As tobacco ban drags on, these smokers are demanding to have their voice heard

Published Jul 6, 2020


The ban on the sale of tobacco products has been contentious from the moment that the national lockdown to curb the spread of Covid-19 was announced. Now, more than 100 days later, it remains a hot topic with government and tobacco companies slugging it out in court while activists wage their battle against the ban on social media.

A group called Let Our Voices Be Heard SA, which lobbies support for the ban via its Facebook page as well as an online petition, believes that the government's decision is infringing on the rights of citizens. 

They place the blame for this squarely on the shoulders of Cooperative Governance Minister Nkosazana Dlamini Zuma, who they accuse of profiting from her alleged connections to the black market trade in illicit cigarettes. This despite numerous denials by the government that Dlamini Zuma was behind the decision to ban cigarette sales, and the minister's vehement denials that she has a relationship with any of the alleged cigarette kingpins her name has been linked to.

IOL spoke to Linda Barnard, one of the organisers of a planned national protest on Wednesday against the ban, to try and understand what motivates the group and how they think their "drive slow" protest will persuade the government to lift the ban.

Q: Can you tell us why your group feels so strongly about the ban on the sale of tobacco and vaping products?

A: Millions of people smoke in SA. If it is so harmful the government should assist us over a long period to help people quit. Smoking is something that has been allowed for years. They allowed us to get addicted. Now they want us to stop overnight. For those who have been smoking for many years it's very dangerous to just go cold turkey. We live in very stressful times with the lockdown. Finances have never been so bad for most families. Many people are without jobs now. To take cigarettes away is not helping. Thousands of farmers and factory workers in the tobacco industry is also without income for months now, making it difficult for people to survive.

Q: What do you hope to achieve with the planned protest on July 8?

A: I'm hoping that the government will see that all races are fed up with their dictatorship. I'm hoping they will stop and listen to their people.

Q: The government has made it clear that they will oppose any attempt to fight the ban in court and that they will keep it in place until we go down to level 1 lockdown. This seems a long way off that we haven't reached the peak of the outbreak. What are your organisation's plans to try and speed things up?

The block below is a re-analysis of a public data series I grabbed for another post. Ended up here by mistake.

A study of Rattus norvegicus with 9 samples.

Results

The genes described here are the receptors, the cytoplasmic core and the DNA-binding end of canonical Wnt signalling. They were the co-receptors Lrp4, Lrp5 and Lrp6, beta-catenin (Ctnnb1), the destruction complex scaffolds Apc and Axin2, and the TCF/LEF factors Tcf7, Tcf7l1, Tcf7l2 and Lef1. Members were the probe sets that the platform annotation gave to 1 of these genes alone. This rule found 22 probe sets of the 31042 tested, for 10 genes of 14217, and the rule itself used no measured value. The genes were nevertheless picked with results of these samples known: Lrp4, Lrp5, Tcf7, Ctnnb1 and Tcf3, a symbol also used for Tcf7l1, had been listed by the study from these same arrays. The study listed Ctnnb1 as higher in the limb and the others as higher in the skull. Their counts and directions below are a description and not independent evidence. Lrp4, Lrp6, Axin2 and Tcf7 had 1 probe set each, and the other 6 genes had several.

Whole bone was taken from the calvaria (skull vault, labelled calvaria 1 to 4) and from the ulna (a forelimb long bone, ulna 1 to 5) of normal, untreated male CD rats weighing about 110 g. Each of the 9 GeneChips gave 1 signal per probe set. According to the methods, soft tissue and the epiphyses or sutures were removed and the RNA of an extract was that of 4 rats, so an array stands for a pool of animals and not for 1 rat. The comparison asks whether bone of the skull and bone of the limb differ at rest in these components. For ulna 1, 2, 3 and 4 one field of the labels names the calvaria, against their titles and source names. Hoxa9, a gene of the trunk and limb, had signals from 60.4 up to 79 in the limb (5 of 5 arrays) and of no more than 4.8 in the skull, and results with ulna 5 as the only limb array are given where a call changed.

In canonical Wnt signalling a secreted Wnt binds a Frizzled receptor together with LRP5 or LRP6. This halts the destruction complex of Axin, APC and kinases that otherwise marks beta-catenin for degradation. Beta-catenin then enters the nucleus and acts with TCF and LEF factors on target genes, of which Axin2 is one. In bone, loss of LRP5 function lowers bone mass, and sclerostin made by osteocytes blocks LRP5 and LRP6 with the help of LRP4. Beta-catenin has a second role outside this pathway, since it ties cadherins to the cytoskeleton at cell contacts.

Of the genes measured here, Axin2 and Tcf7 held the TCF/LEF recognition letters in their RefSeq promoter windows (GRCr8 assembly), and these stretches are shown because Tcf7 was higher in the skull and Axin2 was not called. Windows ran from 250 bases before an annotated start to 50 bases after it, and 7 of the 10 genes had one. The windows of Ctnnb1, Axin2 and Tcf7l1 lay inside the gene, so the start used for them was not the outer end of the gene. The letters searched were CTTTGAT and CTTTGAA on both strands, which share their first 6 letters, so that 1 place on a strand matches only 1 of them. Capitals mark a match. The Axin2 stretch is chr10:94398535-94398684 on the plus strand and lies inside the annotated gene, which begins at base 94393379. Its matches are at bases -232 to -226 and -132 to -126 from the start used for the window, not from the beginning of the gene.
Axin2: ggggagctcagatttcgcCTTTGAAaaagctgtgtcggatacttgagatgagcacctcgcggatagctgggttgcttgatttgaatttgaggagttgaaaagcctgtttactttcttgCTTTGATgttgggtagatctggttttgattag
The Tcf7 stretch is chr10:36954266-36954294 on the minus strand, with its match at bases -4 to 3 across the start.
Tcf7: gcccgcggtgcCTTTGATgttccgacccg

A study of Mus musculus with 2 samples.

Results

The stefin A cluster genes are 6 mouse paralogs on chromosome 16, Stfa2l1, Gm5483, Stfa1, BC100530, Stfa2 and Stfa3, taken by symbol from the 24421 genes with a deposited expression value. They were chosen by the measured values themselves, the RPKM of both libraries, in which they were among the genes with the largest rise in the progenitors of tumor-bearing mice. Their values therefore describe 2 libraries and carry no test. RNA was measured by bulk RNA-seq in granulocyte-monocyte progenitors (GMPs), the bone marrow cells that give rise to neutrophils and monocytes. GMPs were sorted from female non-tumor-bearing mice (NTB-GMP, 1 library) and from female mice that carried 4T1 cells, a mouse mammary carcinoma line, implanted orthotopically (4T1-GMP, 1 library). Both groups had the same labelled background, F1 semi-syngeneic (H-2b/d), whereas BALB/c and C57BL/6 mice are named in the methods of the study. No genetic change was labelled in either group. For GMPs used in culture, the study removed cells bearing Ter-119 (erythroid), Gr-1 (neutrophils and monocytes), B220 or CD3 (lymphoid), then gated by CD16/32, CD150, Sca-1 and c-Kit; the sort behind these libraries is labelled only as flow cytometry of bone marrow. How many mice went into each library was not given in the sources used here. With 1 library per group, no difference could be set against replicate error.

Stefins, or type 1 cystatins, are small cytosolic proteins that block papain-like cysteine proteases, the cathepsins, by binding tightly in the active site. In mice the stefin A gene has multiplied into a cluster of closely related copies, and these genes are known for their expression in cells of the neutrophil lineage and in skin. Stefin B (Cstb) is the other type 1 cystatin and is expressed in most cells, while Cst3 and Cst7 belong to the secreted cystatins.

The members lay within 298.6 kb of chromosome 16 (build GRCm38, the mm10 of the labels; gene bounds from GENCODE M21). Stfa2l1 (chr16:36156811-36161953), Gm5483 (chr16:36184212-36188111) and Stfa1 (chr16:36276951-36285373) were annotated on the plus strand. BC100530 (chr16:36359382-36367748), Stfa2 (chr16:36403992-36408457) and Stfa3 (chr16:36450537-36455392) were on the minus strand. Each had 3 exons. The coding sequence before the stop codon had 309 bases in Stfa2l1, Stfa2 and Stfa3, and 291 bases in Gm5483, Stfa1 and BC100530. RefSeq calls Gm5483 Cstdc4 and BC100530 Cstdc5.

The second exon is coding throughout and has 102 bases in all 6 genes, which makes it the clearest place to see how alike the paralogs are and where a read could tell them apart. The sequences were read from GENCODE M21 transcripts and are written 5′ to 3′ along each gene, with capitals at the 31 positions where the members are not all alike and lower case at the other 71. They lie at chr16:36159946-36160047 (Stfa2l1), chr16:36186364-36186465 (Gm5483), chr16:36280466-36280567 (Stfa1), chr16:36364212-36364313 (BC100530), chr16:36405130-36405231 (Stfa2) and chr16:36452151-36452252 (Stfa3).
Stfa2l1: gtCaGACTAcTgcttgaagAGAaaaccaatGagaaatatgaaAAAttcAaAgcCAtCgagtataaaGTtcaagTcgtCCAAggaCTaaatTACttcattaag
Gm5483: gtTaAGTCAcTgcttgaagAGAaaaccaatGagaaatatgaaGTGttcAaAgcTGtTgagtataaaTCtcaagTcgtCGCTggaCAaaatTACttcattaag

A: Many organisations have shown the government that the reason they use for the ban has got nothing to do with (the) coronavirus. Even other countries have proven that. We all know this has got to do with NDZ and the black market selling of cheap cigarettes that is even more harmful than proper cigarettes we are used to smoking.

Q: Can you list the demands which you want the government to address?

A: We want the IMMEDIATE lifting of the ban. We want the government to listen to the people. 

Q: What other plans do you have to mobilise support and have your voices heard by the government?

A: We are handing over a memorandum. We are doing slow drives and stand still protest. This in on 8 different places in the country. And many silence protest over the country.

The planned protest on Wednesday will see people meeting up at pre-arranged points in at least 8 cities nationwide and organisers are hoping for a large turnout.

"We have asked the protesters to wear different colour clothes on the 8th, this represents that we are different races who will participate. We also call on people to wear orange masks because orange is the colour of prison clothes and we feel our rights are being incarcerated. Wear a mask because the government has silenced our voices and we need our rights and voices to be set free," said Barnard.